LOS ANGELES—Wyndham Clark captured the first major championship of his career on Sunday, June, 18 as he held off Rory McIlroy to win the U.S. Open at the Los Angeles Country Club. It was the first time in 75 years the U.S. Open was held in Los Angeles.
Clark shot a 10-under for the tournament, and McIlroy finished one stroke behind him. Clark, 29, will receive $3.6 million for his win as his stock continues to grow. Clark had only made about $11.5 million for his career when he entered the tournament. He also had one win on his resume on the PGA Tour. It came in May when he won the Wells Fargo Championship.
“I just felt like my mom was watching over me today,” Clark said. “I worked so hard and dreamed about this moment for so long. I just felt like it was my time.”
In 2013, Clark’s mother, Lise, died from breast cancer. He was playing at powerhouse Oklahoma State at the time, and he almost quit the game of golf.
Only up one stroke on the 18th, Clark had a decent approach on his tee shot. He made the green on his second, and on his third, he got within a few feet of the cup. He would save par and start the celebrations.
Rory McIlroy was on Clark’s tail the entire fourth round, but a crucial shot on 14th gave Clark some distance. McIlroy hit a shot into the rough part of the bunker and was given a free drop. He had an opportunity to salvage par but missed.
His final putt rolled in at 18 on Sunday to secure his U.S. Open win, he showed those depths to the world.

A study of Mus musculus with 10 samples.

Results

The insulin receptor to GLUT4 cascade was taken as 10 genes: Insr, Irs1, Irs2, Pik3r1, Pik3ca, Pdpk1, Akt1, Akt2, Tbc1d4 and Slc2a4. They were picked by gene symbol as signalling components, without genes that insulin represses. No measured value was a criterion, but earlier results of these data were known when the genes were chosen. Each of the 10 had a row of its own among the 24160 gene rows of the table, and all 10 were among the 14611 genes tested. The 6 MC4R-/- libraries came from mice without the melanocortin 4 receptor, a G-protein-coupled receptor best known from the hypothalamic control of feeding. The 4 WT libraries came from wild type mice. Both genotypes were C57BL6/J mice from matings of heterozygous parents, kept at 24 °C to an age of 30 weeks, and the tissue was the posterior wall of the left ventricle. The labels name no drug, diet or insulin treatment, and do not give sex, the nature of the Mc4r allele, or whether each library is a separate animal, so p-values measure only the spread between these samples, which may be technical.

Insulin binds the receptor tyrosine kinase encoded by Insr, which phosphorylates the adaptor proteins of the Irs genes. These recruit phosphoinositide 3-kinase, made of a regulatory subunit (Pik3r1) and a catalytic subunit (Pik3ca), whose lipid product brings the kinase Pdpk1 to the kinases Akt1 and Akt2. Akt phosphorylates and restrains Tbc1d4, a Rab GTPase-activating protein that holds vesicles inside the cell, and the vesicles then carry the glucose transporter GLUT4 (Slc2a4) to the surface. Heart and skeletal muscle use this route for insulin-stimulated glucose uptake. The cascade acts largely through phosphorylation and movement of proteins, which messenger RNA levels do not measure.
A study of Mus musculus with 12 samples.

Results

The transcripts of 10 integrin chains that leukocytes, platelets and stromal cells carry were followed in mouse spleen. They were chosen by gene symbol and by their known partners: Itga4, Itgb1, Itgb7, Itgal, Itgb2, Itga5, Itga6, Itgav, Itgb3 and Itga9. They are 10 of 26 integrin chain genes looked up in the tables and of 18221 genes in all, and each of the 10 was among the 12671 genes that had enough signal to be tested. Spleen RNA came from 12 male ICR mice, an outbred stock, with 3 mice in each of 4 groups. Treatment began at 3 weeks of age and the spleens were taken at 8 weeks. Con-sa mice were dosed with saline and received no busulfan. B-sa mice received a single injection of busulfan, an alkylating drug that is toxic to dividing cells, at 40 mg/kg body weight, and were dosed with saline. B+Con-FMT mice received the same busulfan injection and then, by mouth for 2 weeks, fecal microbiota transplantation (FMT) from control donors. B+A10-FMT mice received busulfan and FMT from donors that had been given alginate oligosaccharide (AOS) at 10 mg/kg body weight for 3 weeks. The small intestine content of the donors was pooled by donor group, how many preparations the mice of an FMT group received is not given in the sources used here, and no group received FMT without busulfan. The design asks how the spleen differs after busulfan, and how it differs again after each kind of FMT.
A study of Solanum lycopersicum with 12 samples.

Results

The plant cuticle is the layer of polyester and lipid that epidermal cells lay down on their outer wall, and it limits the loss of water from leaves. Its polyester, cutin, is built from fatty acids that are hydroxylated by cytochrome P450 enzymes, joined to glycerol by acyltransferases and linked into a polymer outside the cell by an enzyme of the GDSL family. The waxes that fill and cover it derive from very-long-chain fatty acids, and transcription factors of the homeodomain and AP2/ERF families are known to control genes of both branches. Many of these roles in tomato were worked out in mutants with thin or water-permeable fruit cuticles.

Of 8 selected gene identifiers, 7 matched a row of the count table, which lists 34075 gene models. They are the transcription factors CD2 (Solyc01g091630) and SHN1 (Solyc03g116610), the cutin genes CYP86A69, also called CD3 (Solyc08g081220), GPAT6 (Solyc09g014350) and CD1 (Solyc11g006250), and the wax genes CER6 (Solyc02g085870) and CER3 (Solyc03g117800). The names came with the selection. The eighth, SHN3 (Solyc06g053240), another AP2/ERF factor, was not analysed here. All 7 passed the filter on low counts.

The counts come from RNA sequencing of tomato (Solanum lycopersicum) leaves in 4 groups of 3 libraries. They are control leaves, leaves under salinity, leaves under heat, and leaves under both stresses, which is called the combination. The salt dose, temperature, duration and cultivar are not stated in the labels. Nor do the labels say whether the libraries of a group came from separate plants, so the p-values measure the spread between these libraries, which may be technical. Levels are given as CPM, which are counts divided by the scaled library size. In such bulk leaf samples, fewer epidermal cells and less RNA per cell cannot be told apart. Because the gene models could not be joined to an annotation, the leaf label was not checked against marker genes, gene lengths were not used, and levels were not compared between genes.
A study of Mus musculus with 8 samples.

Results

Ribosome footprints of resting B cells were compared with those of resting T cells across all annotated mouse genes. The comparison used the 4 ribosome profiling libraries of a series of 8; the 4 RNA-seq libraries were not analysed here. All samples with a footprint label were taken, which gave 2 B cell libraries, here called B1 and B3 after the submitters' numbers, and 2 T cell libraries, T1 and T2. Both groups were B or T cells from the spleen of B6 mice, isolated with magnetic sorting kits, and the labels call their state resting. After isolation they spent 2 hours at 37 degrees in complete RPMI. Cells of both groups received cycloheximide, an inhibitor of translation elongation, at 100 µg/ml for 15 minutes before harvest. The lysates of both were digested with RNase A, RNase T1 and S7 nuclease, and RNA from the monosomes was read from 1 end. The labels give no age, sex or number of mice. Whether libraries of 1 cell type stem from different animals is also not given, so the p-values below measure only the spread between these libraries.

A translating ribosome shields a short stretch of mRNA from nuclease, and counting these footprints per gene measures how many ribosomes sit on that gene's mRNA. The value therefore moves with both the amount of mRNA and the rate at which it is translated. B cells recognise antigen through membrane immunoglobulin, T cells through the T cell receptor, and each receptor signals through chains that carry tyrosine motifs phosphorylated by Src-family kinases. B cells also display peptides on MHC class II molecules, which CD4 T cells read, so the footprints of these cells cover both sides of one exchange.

Entering the back nine, things seemed to be lining up well for Rory. Scottie Scheffler, who entered Sunday three shots back of the lead, had fallen away. Former co-leader Rickie Fowler, who was plus-2 on the front. That left Rory and Clark to duel it out.
The putter was difficult for him on Sunday—he hit 16 of 18 greens in regulation but managed only one birdie.
The Los Angeles Country Club hosted its first major championship this week, and the first U.S. Open in Los Angeles in 75 years. And despite an opening round in which both Fowler and Xander Schauffele shot record-low 62s, LACC largely delivered a challenging test.
It was bewildering that a golf course collected so many divots so close to each other.
It’s a fascinating course that with a few modifications including more fans in attendance could become a staple on the U.S. Open calendar.
Congrats to the PGA Tour on getting a week where people mostly forgot they just took a deal with the Saudi Arabia Public Investment Fund and forever changed the sport of golf.